WHAT TO LOOK FOR
STEERING RACK Early steering racks are known to provide potentially expensive headaches. Check for leaks – if you find any fluid making a break from the mothership you’re looking at a likely power steering rack rebuild.
GEARBOX The automatic gearbox comes from Mercedes-Benz, and as such has proved to be equally as solid as the engine, with no major faults reported. Worn synchromeshes have been reported in 1978-1984 manual cars, so check for crunching noises. Check the flex plate tension as this may lead to wear in the crank thrust bearing, and then engine block destruction usually follows...
ENGINE The 928’s engine is a strong unit, and is easily capable of racking up big mileages. However, it’s imperative that the timing belt is replaced every 60,000 miles. Check for receipts that back this up as it’s an expensive job – it’s wise to have the water pump replaced at the same time.
ELECTRICS Check that everything works, and that the car hasn’t been left sitting for too long. The location of the battery – in the boot, under the spare wheel – doesn’t make trickle charging easy. Check the 14pin connector under the bonnet for f corrosion. A 928 enthusiast will be on top of this, though.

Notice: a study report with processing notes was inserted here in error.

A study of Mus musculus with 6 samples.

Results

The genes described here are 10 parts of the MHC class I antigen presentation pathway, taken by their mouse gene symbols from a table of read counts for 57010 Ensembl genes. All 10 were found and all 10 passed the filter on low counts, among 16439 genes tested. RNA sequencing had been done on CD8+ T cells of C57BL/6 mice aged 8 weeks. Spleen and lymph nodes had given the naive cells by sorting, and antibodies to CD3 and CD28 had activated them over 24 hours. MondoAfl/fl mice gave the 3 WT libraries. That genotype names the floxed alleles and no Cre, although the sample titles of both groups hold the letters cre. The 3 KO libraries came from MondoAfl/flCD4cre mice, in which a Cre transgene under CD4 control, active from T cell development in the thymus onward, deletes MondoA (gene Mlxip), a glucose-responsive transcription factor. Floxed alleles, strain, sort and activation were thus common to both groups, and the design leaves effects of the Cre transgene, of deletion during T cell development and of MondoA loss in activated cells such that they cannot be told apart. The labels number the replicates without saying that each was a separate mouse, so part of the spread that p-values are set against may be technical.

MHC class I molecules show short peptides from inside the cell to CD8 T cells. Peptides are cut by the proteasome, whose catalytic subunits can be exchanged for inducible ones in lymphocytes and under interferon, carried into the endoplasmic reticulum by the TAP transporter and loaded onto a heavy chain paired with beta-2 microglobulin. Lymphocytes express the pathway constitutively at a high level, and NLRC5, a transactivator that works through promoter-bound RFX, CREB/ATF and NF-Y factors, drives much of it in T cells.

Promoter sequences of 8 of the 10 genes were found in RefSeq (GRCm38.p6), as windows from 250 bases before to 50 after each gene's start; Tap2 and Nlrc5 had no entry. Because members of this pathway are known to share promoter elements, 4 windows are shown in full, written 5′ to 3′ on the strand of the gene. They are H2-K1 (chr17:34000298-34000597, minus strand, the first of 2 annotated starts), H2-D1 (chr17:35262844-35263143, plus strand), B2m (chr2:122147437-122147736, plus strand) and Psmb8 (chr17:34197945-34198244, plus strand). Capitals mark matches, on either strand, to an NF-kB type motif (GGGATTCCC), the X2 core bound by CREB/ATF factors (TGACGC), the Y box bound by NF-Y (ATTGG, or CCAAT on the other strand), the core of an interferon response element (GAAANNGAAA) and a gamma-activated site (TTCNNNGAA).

INTERIOR Although an exotic GT, the 928 was built to be used, so it’s not uncommon to find wear and tear. Most parts are available. The 928 spanned the 1980s, when massive mobile telephone appendages were drilled into the dash. Also check that the aircon works, as replacing the unit is an expensive enterprise.
BRAKES This is the reason why checking the service history is so important. You’re looking for regular brake fluid changes – should they be left too long you’ll enter a whole world of component calamities, involving the calipers, lines and discs, and replacing those items is neither cheap nor easy.
FUEL hoses Try to check the condition of the fuel hoses. These will be getting old now, even for the newest 928s. Replacements are available, but it’s best to buy one that’s had them refreshed already as it’s not a simple job. Again, ask questions. It’s suggested that they’re replaced every five years.
SUSPENSION Ball joints are a known issue, especially the uppers – you can’t service these and they need replacing with control arms, which isn’t cheap. Early cars used aluminium ball joints, which are less hardwearing than the later steel items.